It’s hard enough to launch a new nutrition bar in the crowded natural bar category. It’s even more difficult to launch a bar that employs landfill-bound food waste as a main ingredient. But that’s exactly what Dan Kurzrock, co-founder and CEO of ReGrained, did after he learned about the astonishing amount of food waste generated from beer production in the form of spent grain—fermented grains such as barley used to make beer.
Kurzrock first discovered the issue while learning how to brew his own beer at home. In addition to his tasty brew, he also ended up with piles of spent grain that didn’t have a use. The best way to get rid of them was to compost the grain. Larger breweries sometimes ship spent grain to ranchers to be used as animal feed.
But in a time when a whopping 40 percent of food is wasted in the United States, Kurzrock believed that using this high-quality, protein-dense and bio-available grain for compost or animal feed was a missed opportunity. “There’s a pound of grain that goes into every six-pack of beer,” says Kurzrock. “It should be going to the highest possible use. We exist to better align our values with the food we eat. We’re addressing the area of food waste that hasn’t been looked at before because spent grain is an unavoidable byproduct of another product, analogous to whey as a byproduct of yogurt making.”
Plus, an increasing amount of research shows that spent grain is healthy for humans. Spent grain typically has lower levels of starch than other grains because the yeast has fed on the sugar. And a 2017 study published in the Journal of Food Science found that spent grain is an excellent source of prebiotic fiber, protein and bioavailable phenolic compounds that contain antioxidant and anti-inflammatory activities. Spent grain, in other words, isn’t spent at all.
But spent grain can’t simply be captured from the brewery and baked into a bar—it’s waterlogged, and it must be dried and processed within hours of brewing, a logistical challenge that has to date limited its use in CPG food products. ReGrained pioneered a process to ready the grain for use in finished products (such as it’s tasty beer-branded nutrition bars). And thanks in part to a partnership with Griffith Foods, a 4th generation family-run global ingredient and product development company, you may soon see ReGrained’s branded SuperGrain+ spent grain appear in more product formulations.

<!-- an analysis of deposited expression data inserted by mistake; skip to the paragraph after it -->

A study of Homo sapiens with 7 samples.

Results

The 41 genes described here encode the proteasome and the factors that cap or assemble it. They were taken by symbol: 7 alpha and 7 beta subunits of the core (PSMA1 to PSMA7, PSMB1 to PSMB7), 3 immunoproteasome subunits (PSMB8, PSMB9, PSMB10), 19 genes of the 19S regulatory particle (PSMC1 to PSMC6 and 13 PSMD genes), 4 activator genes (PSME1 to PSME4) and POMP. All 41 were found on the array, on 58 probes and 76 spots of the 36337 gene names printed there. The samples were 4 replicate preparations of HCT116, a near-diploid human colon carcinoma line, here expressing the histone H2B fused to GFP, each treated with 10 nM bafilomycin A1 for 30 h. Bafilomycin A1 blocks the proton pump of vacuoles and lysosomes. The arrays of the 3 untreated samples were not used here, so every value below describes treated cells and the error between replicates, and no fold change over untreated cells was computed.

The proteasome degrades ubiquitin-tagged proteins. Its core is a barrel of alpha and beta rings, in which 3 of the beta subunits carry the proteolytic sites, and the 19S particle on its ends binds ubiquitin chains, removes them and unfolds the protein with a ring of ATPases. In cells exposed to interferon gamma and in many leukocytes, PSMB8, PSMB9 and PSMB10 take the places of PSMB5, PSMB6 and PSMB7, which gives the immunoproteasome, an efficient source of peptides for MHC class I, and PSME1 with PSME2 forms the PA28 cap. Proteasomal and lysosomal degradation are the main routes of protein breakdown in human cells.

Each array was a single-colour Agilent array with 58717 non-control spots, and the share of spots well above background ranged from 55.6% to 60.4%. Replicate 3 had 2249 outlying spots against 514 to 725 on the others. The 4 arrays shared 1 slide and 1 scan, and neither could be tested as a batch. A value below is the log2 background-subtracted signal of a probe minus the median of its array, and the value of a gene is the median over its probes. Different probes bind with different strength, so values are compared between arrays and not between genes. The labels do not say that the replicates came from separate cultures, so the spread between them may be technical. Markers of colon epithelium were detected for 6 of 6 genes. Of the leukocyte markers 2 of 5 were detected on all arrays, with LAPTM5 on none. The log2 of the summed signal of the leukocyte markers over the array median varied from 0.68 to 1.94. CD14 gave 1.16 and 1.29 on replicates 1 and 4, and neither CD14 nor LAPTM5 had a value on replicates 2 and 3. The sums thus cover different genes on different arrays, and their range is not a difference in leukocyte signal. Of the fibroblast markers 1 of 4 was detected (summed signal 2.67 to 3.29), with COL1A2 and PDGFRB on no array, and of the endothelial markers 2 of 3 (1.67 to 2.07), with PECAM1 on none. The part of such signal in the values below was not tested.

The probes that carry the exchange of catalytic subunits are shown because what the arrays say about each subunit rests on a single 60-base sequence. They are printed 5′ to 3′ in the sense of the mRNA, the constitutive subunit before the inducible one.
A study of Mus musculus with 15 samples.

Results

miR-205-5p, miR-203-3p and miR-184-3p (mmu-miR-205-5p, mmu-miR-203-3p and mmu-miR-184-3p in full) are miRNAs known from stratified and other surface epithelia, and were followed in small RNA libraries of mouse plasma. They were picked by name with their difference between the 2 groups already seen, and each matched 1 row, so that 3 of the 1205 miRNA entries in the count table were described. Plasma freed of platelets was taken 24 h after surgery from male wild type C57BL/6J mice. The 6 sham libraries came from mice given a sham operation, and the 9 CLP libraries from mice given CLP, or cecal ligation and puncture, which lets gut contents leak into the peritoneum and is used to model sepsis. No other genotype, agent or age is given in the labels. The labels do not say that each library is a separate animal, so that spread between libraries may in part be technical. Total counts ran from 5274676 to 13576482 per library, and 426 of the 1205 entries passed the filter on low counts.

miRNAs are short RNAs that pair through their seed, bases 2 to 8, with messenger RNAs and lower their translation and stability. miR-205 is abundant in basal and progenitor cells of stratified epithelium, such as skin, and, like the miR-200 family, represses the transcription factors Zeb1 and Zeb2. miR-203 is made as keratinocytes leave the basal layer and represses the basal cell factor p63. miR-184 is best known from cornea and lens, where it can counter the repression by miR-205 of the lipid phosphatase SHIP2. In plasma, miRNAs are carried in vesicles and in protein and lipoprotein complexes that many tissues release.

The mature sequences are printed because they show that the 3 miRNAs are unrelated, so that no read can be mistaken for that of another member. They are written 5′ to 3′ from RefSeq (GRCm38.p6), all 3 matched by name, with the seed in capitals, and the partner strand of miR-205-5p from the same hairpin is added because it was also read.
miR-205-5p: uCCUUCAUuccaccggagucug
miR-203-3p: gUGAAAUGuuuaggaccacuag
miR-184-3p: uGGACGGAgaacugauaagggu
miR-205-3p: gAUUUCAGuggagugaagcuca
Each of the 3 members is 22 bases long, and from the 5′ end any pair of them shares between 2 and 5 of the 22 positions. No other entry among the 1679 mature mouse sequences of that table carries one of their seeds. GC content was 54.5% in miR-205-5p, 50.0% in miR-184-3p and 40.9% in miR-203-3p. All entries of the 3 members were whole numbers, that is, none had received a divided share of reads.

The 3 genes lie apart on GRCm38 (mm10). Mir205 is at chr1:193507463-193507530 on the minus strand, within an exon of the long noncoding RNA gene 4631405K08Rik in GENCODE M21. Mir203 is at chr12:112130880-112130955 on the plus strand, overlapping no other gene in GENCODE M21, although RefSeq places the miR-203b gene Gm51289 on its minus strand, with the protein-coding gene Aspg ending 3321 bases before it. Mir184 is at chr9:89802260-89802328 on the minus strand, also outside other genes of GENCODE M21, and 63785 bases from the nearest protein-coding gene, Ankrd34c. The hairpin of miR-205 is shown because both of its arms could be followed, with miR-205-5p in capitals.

Kurzrock relates that in an effort to develop spent grain into a usable food ingredient more easily, he and his team quietly started to work with Griffith Foods. Originally, the partnership was focused on finding efficiencies to further develop SuperGrain+. But recently, Griffith led ReGrained’s investment round that closed $2.5 million—priming the company to expand the supply side of the business. “In terms of synergies, Griffith fills the value chain between us and the customer, so SuperGrain+ can find as many product outlets as possible,” says Kurzrock. “The goal originally was to explore what a B2B partnership would look like with the company. As we got to know each other, Griffith expressed interest in exploring that deeply with us as investors.” He adds that even before they started working with ReGrained, Griffith had long been passionate about finding innovative food waste mitigation solutions.
With support from Griffith Foods and Barilla BLU1877, an additional investment participator, SuperGrain+ is primed to be included in a myriad of natural product formulations for added nutritional benefit and a sustainable sourcing story that resonates with conscious consumers. According to Kurzrock, spent grain flour is incredibly versatile, and can be employed in any dough-based foods ranging from crackers to pasta to chips. The ingredient functions particularly well in condiments because it can thicken marinades, glazes and sauces.
Ultimately, with more food applications, there’s more opportunity to use a landfill-bound ingredient in finished products rather a virgin ingredient—which has meaningful environmental benefits particularly when you consider water usage. At its core, beer is an agricultural product. While it obviously takes water to produce beer (um, because it’s liquid), around 90 percent of beer’s water footprint is growing the grain.
SuperGrain+ maximizes the resources required for beer production by nourishing people—an idea that galvanizes Kurzrock to keep innovating. “It’s an exciting time to reduce food waste. We’ve had inquiries from major multi-national food companies and beer companies alike. We’re at the fulcrum point for the industry.”